Opus Dei, a mysterious arm of the Catholic Church, has come under the spotlight after the new education secretary in the UK government, Ruth Kelly, revealed she receives spiritual guidance from it. The best-selling novel The Da Vinci Code puts the sect at the heart of an international battle for control of the Holy Grail. So what is known about the group?
By Stephen Tomkins
Society is fascinated by secretive religious organisations because they allow us to imagine the worst about what murky deeds happen behind their barred doors. The abusive activities of some cults have proved worse than anyone feared, but other times the reality is disappointingly banal.
One "cult" in ancient Rome was "widely known" to practice child-sacrifice, cannibalism and incestuous orgies during its initiates-only Love Feasts. That's the cult we know today as the Christian church. There can be smoke without a fire.
So what is the reality behind the rumours about Opus Dei, the Catholic movement that has been awarded its first British parish; that Education Secretary Ruth Kelly says she gets spiritual support from, and that was unflatteringly depicted in The Da Vinci Code?
It has been repeatedly accused of cult-style manipulation, encouraging physical self-harm and having historical links with General Franco's fascist rule in Spain. Critics call it misogynistic, fundamentalist, and opposed to modern society.
Opus Dei denies the "cult" tag, saying it is a forward-thinking arm of the Catholic Church which is "flourishing in the modern world". If it were involved in cult-style practices, it says the Catholic Church would suppress it. It also denies any fascist links. It admits, however, that "mistakes" have been made in the past.
Ruth Kelly refuses to say whether she is a member of the group
Opus Dei was formed in 1928 in Madrid by the priest Josemaria Escriva de Balaguer. Its name means "the work of God". The fundamental idea was to encourage Catholic lay people to see religion as something that should direct every minute of their lives, rather than being a matter of just turning up for Mass and confession. Members are expected to live holy lives, evangelise people they know, and observe daily religious devotions.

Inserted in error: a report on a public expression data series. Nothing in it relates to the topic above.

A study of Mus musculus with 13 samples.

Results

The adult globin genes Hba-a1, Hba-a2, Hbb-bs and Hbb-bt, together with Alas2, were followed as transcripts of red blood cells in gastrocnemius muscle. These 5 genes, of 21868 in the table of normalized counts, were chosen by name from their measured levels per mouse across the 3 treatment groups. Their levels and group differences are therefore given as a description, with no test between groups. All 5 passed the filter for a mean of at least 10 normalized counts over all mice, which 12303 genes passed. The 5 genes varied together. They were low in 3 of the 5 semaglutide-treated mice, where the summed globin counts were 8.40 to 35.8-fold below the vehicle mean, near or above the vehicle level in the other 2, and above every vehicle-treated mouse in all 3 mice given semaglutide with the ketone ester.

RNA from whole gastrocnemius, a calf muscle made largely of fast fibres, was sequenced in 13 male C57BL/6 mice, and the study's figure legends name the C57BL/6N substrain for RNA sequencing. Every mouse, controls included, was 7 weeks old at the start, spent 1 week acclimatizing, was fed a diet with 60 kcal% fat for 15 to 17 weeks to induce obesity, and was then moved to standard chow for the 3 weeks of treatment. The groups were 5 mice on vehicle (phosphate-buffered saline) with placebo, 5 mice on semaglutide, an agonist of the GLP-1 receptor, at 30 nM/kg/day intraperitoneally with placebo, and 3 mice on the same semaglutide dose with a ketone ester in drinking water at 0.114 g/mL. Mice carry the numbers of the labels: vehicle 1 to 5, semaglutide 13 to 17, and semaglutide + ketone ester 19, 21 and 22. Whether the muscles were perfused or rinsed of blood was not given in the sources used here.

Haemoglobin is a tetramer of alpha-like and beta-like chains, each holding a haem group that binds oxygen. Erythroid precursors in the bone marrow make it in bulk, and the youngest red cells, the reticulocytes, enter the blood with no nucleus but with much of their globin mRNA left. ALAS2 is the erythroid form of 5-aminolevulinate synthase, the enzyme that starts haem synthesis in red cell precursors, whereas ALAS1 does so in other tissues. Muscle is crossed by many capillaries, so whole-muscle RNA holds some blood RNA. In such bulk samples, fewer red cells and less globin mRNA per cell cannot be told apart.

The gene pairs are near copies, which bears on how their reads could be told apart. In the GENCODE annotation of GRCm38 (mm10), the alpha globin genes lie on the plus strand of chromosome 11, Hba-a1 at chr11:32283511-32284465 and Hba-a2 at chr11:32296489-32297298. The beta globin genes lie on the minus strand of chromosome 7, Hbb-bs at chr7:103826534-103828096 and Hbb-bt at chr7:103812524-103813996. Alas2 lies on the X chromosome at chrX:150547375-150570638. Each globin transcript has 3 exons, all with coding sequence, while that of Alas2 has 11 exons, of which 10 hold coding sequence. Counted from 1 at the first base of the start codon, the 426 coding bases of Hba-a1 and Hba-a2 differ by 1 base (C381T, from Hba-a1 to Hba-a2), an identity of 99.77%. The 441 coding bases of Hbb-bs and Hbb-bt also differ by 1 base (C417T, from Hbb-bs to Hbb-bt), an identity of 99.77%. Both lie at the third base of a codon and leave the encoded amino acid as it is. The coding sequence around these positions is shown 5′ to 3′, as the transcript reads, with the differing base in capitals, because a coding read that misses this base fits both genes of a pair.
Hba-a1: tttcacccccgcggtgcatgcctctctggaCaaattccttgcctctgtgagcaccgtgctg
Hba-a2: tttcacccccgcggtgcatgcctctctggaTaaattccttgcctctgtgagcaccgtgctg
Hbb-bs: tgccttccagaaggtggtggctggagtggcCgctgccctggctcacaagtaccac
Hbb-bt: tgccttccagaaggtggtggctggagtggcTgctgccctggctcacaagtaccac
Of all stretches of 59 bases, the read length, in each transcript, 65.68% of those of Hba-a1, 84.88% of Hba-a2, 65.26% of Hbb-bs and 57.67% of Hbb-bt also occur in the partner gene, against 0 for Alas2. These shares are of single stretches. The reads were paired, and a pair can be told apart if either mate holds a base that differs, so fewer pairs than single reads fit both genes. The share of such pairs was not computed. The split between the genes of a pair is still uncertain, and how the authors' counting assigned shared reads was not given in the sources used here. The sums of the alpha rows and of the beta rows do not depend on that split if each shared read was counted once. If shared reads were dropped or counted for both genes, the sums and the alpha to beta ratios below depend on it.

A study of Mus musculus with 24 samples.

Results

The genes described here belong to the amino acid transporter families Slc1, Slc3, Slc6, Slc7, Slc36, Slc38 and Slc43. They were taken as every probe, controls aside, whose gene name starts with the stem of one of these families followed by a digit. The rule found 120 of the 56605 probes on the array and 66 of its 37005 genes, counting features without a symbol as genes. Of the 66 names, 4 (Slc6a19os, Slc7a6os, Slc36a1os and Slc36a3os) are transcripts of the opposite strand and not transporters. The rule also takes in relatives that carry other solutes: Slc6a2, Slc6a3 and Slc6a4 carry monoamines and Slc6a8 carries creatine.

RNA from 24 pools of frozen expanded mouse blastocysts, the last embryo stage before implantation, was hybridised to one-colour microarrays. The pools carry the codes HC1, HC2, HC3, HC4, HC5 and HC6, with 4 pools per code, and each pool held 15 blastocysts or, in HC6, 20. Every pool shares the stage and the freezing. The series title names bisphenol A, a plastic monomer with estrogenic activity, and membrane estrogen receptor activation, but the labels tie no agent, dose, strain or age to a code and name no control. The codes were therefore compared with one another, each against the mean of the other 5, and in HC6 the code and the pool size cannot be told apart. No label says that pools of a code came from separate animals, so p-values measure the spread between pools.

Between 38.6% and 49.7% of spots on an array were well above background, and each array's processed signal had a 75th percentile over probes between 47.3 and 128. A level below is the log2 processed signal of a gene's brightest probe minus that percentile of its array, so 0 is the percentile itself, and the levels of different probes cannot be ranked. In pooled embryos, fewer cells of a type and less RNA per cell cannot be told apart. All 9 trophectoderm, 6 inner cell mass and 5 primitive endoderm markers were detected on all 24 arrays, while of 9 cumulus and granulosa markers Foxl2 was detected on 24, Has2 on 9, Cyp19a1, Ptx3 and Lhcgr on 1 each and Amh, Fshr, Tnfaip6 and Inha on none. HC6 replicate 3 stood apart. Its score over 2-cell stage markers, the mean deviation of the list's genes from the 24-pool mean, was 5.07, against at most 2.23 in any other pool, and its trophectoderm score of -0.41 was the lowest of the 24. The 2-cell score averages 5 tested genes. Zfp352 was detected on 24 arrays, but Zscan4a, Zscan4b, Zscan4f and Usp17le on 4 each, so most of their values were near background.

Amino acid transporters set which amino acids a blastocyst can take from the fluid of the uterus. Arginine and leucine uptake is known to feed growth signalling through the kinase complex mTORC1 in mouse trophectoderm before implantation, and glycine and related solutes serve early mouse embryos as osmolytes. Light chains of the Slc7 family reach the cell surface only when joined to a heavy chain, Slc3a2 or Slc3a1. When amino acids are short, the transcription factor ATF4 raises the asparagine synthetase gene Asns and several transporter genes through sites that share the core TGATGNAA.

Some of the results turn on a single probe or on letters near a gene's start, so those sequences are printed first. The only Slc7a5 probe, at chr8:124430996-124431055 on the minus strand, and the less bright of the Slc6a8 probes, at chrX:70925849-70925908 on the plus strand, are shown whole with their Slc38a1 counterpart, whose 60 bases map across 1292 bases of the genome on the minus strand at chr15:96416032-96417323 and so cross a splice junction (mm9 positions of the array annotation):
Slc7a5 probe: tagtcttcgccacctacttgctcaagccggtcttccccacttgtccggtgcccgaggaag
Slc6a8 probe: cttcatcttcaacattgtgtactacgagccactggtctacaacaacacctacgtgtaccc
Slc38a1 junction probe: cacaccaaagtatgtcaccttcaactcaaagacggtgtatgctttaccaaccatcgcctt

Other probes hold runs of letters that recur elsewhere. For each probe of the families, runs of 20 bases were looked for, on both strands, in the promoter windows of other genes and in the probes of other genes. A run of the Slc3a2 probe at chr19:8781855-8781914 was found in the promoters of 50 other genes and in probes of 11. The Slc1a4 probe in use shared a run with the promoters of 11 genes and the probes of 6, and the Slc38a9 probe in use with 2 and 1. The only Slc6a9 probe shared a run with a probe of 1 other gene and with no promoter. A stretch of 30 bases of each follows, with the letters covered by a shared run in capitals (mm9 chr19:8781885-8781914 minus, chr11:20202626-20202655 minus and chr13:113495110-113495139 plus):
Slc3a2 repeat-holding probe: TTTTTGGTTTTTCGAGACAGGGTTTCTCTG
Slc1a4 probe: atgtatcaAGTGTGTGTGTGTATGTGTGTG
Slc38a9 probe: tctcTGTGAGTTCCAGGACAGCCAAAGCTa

In other words, Opus Dei demands a kind of monastic commitment, except that, in Escriva's words, disciples are "immersed in the blood-stream of society". "It does not take anyone out of his place," he said.
The spirituality of the movement is based on Escriva's book The Way, a collection of 999 meditations to help prayer. He was canonised by Pope John Paul II in 2002. The organisation is estimated to have between 80,000 and 90,000 members in 80 countries, and a reported 500 in the UK.
Opus Dei teaches that even the minutiae of life should be pleasing to God, from doing one's job well to being cheerful, from right beliefs to good manners. It puts a lot of emphasis on serving God through work. It encourages prayer, Bible-reading and Mass every day. Thus far, it is fairly orthodox Christian teaching.
Members have weekly "fraternity talks" with their superiors, discussing the successes, failures and targets of their spiritual lives - self-denial, "the apostolate" (trying to win others to Opus Dei), and sexual temptations. This is one area that opponents criticise, saying it can be manipulative and invasive, and makes unreasonable demands.
Certainly "spiritual direction" is not unique to Opus Dei, but critics say there are obvious dangers in a closed environment.
The Vatican - home of the Roman Catholic Church
Opus Dei says these fraternal chats work in the same way as any spiritual guidance given in any Catholic organisation. Members are free to pick and choose what to discuss and what advice, if any, to take.
Since 1982, an internal statute has stated that new members must be aged 18 or over.
Another criticism from former members is that they have been forbidden from reading all kinds of books - even many on the reading list at their Catholic University.
Opus Dei says members ask for advice before reading a book, and they are free to reject it.
"Even the Pope asks for advice about what to read, as he explains in his latest book," says Jack Valero, Opus Dei's UK spokesman.
Some members - "numeraries" - are celibate, and agree to donate whatever earnings they don't need for basics such as food and housing to the organisation. Many who have left report that they had to pay their entire income to Opus Dei.
Reports that numeraries must have their mail vetted by superiors are dismissed by the group, which says this was customary in the past but was stopped some years ago.
Official Opus Dei literature maintains, "In their political, financial or cultural activities, they act with freedom and personal responsibility, not attempting to involve the Church or Opus Dei in their decisions."
The practice that is most hair-raising for outsiders is "corporal mortification". Numeraries are given a spiked garter to wear round the thigh for two hours a day, and a whip for their own back or bottom. These exercises, explains the Opus Dei constitution, are "for the purpose of chastising the body and reducing it to servitude". Members are also encouraged to take cold showers every day and spend several hours in silence.
Opus Dei claims this is merely an example of Christian "self denial" although critics believe it goes beyond that.
In fairness, much of this alleged domination and self-punishment - though not the subterfuge - have been standard aspects of monasticism for 1,700 years. Whether Opus Dei uses them in a healthy and ethical way, and whether monastic tradition justifies anything anyway, is the source of much of the current controversy about the group.
A Short History of Christianity by Stephen Tomkins will be published by Lion later this year.